The affair is a test of the new warmth in relations between Baghdad and Tehran since Iranian-friendly Shia took control in Iraq after US forces overthrew Saddam Hussein, a Sunni.
Iraq's foreign minister called in the Iranian envoy on Tuesday to seek the release of eight or nine coastguards Iraq said were seized after an exchange of fire involving suspected oil smugglers on their long-disputed border along the Shatt al-Arab estuary.
Iran's embassy in Baghdad denied all knowledge of the incident, which Iraqi officials, in confusing statements, said happened on either Saturday or Sunday and involved up to 10 coastguards.
Mohammed al-Waili, the regional governor in Basra, said in an interview with Aljazeera on Tuesday evening that one Iraqi coast guard had been killed and eight kidnapped, but said later he had been unable to confirm the death.
"He has serious injuries and there are reports that he has died, but I have not been able to verify that," he told Al Arabiya television.
"Eight men from the coastguard and an officer were taken prisoner by Iranian coastguards"
Spokesperson for Ibrahim
Spokesmen for the central government in Baghdad were more restrained and a government spokeswoman said she did not know of any casualty.
Hoshiyar Zebari, the Iraqi foreign minister was raising the issue in a meeting with Hasan Kazemi-Qomi, the Iranian charge d'affaires, an Iraqi foreign ministry spokesman said. One of the main reasons for calling the meeting was to discuss the incident, he said.
But Kazemi-Qomi said through a spokeswoman: "The reports of this incident are untrue." He made no further comment.
The Iranian foreign ministry in Tehran said only that reports of the incident were "incorrect", the Iranian ISNA students' news agency reported.
A spokeswoman for Ibrahim al-Jaafari, the Iraqi prime minister, said: "Eight men from the coastguard and an officer were taken prisoner by Iranian coastguards."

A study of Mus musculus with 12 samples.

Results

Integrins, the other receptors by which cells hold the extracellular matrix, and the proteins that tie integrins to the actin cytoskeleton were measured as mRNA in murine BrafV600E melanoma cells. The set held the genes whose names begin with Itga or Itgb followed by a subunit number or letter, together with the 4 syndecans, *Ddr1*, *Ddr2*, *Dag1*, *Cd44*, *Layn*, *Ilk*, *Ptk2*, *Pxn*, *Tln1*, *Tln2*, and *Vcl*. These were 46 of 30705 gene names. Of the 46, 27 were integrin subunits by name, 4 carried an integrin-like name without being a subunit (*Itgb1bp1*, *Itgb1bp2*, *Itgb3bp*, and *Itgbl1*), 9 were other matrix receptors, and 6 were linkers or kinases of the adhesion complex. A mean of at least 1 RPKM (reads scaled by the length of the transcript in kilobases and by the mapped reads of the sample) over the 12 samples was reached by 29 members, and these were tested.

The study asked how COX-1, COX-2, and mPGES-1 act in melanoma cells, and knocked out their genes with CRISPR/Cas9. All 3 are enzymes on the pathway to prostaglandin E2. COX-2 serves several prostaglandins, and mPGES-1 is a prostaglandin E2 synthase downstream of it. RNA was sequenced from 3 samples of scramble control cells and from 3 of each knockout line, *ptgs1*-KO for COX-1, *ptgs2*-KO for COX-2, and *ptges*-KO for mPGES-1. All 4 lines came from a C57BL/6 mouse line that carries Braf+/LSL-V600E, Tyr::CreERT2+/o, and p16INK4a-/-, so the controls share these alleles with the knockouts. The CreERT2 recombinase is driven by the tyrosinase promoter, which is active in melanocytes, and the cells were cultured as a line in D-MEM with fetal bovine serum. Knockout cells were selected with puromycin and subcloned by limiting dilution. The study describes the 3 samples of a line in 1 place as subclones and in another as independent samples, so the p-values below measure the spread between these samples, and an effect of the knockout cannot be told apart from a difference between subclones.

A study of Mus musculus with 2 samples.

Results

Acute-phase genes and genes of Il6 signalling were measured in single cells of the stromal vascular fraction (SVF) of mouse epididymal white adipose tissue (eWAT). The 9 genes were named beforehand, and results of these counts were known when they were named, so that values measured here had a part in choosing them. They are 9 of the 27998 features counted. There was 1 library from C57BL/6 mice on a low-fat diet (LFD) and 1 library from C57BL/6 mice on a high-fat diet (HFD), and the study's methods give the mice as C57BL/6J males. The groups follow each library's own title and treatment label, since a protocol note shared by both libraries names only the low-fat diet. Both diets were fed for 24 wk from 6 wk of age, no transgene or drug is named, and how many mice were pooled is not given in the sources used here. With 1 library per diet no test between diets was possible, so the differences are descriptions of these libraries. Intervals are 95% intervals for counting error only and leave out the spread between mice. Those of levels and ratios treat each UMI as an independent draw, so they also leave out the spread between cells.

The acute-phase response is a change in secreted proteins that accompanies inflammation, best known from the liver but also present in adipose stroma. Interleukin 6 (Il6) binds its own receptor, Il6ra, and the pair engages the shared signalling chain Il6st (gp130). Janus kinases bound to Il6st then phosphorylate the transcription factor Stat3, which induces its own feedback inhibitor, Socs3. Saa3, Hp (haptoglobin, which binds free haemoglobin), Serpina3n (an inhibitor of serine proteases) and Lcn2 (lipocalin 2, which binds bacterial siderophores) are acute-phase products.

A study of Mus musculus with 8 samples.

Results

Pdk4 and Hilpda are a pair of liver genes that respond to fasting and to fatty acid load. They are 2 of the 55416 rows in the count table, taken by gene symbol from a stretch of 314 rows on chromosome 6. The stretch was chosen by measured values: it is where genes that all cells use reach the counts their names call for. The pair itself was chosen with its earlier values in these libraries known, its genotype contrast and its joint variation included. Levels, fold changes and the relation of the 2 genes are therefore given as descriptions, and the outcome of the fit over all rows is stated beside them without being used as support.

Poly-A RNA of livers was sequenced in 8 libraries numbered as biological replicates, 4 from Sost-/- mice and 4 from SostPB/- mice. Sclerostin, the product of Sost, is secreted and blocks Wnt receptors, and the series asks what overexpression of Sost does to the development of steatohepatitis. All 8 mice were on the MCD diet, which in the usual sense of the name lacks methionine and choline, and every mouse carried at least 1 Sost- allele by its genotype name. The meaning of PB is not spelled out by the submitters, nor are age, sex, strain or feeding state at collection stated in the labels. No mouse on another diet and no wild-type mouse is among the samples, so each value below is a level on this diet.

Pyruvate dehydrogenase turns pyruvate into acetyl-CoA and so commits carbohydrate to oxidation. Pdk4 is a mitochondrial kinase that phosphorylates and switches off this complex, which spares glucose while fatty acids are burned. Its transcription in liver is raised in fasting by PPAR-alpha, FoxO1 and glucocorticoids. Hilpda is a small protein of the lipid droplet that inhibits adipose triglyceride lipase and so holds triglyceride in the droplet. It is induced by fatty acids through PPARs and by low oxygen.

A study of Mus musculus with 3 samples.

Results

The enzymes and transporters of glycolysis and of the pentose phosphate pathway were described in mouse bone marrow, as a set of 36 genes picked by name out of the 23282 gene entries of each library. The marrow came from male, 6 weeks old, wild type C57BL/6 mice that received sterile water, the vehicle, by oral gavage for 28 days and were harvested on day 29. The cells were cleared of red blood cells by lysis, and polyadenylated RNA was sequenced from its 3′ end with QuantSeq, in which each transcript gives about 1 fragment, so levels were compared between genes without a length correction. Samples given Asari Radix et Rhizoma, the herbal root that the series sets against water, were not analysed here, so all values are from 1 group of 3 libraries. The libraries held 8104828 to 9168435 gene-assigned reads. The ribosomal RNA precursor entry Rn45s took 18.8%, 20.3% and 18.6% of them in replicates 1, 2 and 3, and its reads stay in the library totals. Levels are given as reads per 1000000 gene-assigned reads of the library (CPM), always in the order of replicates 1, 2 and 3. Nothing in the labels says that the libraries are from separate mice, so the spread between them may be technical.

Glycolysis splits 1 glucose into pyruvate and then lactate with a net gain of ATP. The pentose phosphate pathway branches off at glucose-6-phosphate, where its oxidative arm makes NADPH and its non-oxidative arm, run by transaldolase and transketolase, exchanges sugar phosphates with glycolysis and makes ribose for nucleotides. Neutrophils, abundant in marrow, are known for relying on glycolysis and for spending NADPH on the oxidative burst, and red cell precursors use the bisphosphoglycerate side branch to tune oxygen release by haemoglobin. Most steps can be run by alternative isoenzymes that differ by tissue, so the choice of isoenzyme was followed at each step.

The Basra governor told journalists that Iraqi coastguards had boarded an Iranian-skippered ship suspected of smuggling oil in Iraqi waters when they were overpowered by an Iranian patrol.
"We ask from the Iranian side to keep these troops safe," he said.
Smuggling is a serious problem for the Iraqi government, which heavily subsidises fuel and sees some of it driven or shipped abroad to be sold for big profits in neighbouring countries.
Iraq and Iran have a long history of disputes along their tidal border. Iran seized three British naval patrol boats in the same area on its border with Iraq in June 2004, at a time when British forces were responsible for policing the border.
Ibrahim al-Jaafari, a Shia,
enjoys warm ties with Iran
But relations between Baghdad and Tehran are at their warmest in decades, with Shia leaders in power in Iraq since the fall of Saddam's secular government.
Many of the new leaders were refugees in Iran, after Saddam had thrown them across the border claiming that they were originally Iranians and they were plotting with Iran against Iraq.
Al-Jaafari, whose al-Dawa party was formed and financed by Iran, has visited Tehran and his government's close relations with Iran have alarmed the United States, which is at daggers drawn with Tehran, most recently over accusations that it is developing nuclear weapons.